What does your beef customer want?

Understanding your beef customer starts with knowing your true buyer, then doing what it takes to meet their needs.

Doug Ferguson

October 14, 2022

6 Min Read

The definition of the word customer is: a person or organization that buys goods and/or services from a business. To be direct the person who writes you a check for the cattle you sold is your customer. Unless you direct market the end consumer is not your customer.

A past mentor of mine told me to increase my income I needed to serve more people, or offer better service. Let’s pretend our operation is running at capacity. That means we only have so many cattle to sell. Since there is a finite number serving more people is not an option now. So we should focus on offering better service to our customers

The way to offer better service to your customer is know your market. What do the buyers willing to spend the most money there want? Figure that out and give it to them. In doing this you cannot cut corners, or pull up short.

Understanding ‘reputation’

This week I saw a few big strings of reputation cattle sell. The first bunch in this example were weaned thirty plus days. They were all black, vaccinated and on a feed program. These cattle were not the market toppers that day, as one might expect. Two buyers that could have bid them up chose not to.

The problem with this bunch is the feed program they are on. It is a good program, to a point. The cattle will eat the stuff, and they will gain. If you start them on it and leave them on it the feed program is awesome. The problem is when a customer buys them, and is trying to make money with them, that person will feed them more economically. To be direct, the two times I bought these cattle it was like my back grounding yard became rehab. Not all of them make it out of rehab.

I didn’t bid on these cattle this time. I don’t want to own them again. The co-bidder stopped $10 before his stop sign. A strong and seemingly clear signal has been sent from past customers, not wanting to become repeat customers, that the service is not worth it. In this case the service is the weaning, vaccinations and feed program (mostly just the feed program) is not worth it. Reputation cattle work both ways, do your cattle have a good one or a poor one?

The cow/calf operation selling these cattle is clearly a feed customer. The goods and services they pay for does them little good since it devalues the cattle by driving away repeat buyers.

Later in the week I saw the co-bidder of the group mentioned above pay a $15 premium for a fancy string of blacks that were right off the cow and haven’t had any vaccinations. This is opposite of what marketing experts tell us to do. The thing is these cattle fit his program, and he can do something with them.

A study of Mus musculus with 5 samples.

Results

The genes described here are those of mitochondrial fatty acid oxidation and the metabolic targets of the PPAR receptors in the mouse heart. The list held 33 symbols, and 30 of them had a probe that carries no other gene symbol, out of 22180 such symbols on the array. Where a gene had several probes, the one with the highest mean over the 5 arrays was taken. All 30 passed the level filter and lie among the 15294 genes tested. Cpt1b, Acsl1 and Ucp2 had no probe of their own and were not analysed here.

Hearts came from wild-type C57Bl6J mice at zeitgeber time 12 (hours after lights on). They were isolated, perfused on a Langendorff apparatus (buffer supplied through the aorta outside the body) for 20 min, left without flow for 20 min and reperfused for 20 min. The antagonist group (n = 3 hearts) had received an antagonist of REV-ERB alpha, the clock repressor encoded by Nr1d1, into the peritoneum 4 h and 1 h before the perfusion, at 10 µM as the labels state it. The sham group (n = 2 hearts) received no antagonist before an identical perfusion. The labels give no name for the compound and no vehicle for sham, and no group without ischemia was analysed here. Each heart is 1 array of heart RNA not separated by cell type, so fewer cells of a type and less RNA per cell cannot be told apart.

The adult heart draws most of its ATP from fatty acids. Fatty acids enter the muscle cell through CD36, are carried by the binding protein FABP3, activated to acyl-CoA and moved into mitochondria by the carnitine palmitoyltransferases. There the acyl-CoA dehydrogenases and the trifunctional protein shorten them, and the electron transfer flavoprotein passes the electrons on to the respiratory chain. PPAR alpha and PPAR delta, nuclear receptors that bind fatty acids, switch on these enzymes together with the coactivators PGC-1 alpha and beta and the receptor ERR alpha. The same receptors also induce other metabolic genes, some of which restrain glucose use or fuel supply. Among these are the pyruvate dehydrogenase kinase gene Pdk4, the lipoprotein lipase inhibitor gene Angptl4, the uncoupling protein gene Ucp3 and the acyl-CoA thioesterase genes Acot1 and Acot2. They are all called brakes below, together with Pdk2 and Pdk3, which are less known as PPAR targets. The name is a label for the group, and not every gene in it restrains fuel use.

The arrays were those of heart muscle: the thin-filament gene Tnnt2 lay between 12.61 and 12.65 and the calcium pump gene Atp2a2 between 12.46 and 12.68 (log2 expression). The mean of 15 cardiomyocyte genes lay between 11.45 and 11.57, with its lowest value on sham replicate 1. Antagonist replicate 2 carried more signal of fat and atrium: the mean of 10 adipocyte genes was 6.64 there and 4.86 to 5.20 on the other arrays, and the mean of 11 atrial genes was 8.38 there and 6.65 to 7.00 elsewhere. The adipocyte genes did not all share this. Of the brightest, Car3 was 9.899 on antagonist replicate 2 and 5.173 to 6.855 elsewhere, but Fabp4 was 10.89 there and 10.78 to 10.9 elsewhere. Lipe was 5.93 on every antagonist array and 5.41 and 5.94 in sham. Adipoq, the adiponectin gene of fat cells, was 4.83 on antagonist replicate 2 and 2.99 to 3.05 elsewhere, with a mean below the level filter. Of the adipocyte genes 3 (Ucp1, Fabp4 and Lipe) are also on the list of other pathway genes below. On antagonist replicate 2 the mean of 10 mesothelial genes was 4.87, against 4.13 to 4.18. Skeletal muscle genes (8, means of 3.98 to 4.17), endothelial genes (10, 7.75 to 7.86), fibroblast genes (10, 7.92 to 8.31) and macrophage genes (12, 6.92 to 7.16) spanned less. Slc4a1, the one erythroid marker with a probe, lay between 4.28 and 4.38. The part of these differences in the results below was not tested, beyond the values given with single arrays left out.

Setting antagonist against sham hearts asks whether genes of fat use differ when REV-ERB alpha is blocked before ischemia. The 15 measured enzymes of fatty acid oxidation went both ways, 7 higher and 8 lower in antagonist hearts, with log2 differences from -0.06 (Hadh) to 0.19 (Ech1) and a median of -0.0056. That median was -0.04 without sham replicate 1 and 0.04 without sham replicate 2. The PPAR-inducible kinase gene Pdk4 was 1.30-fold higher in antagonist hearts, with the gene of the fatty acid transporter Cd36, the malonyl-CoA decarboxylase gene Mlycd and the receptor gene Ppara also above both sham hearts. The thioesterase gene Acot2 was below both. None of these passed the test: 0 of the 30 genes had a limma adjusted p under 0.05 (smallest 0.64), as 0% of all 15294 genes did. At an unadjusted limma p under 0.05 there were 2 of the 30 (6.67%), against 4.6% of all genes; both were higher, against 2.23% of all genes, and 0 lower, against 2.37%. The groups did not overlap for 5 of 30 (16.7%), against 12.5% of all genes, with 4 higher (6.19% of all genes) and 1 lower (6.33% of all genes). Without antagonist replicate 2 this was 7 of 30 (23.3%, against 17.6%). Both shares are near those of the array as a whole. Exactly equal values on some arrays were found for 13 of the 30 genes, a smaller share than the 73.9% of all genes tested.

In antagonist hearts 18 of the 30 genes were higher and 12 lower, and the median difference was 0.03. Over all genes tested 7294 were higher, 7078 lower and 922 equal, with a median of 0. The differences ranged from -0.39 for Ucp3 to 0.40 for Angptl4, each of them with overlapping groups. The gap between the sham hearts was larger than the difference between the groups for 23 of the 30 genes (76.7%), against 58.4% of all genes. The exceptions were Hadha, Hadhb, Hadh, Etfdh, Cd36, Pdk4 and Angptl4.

This buyer knows what his customers what. He knows how to deliver it to them. He has done it for years with consistency and that has built his reputation. If he bought that first bunch I wrote about and they fall apart on him, the will likely underperform for his customer when he resells them.

I mentioned not stopping short or cutting corners. If we are trying to offer better service to increase the value of the cattle we are selling by vaccinating them, we must be sure to do two things. First be sure to use top quality products. There are vaccines on the market that are worthless. Save yourself the money and spare your calves the stress of processing them if you’re going to inject them with junk.

Then tell us what you vaccinated them with and when you gave it to them. Don’t just tell the sale barn they “had shots” when you check them in. As a buyer I am now guessing. Did they have a full round of good vaccines, or did they get a seven-way and a pink eye shot at turn out time? Did they get a few rounds of Draxxin and Baytril?

What kind of vaccinations?

Here’s the thing about shots. The buyer is usually going to give them what he wants them to have when they get to his place. Do you know what those guys are vaccinating for/with? If not find out, and then that’s what you give them to add value. It’s not what you think they should have. It’s not what your vet thinks they should have. It’s what your customer thinks they should have. (Be clear on what I just wrote, this is from the perspective of adding value)

Then there is the weaning thing. I’ve written on here many times before and today I do it again. Commit to it or don’t do it. Selling short, weaned cattle is telling buyers you don’t care. By selling short-weaned cattle you are only offering a problem, not a service.

I had to chuckle as I saw some past cow/calf operators trying to buy stockers this week. (They decided to change their program and got out of cows.) Their comments about how cattle were represented, as far as weaning and vaccinations, about brought me to tears. But you know what? This is why preconditioners get paid, we fix what others mess up. Remember value-added marketing is only added value IF you capture the added value.

A cattle market view

This week replacement quality heifers caught up to a $15 premium. Feeder bulls and unweaned cattle were up to 25 back.

Here is something interesting. Cattle sold on a slide this week up to a point, usually around the six weights. Whatever that price was for that weight, is about what the heavier weights sold for as well, give or take a few bucks. If all the cattle sell for the same price that price is also the Value of Gain. If you pay attention these price relationships jumped right out at you, and it was simple to see what to be buying. For those of you who rely on a computer generated ranking system to dictate what you buy I have bad news, you were mislead.

If you wish to learn more about sell/buy marketing that works, we have a school coming up in December. There is more info at our website.

The opinions of Doug Ferguson are not necessarily those of beefmagazine.com or Farm Progress.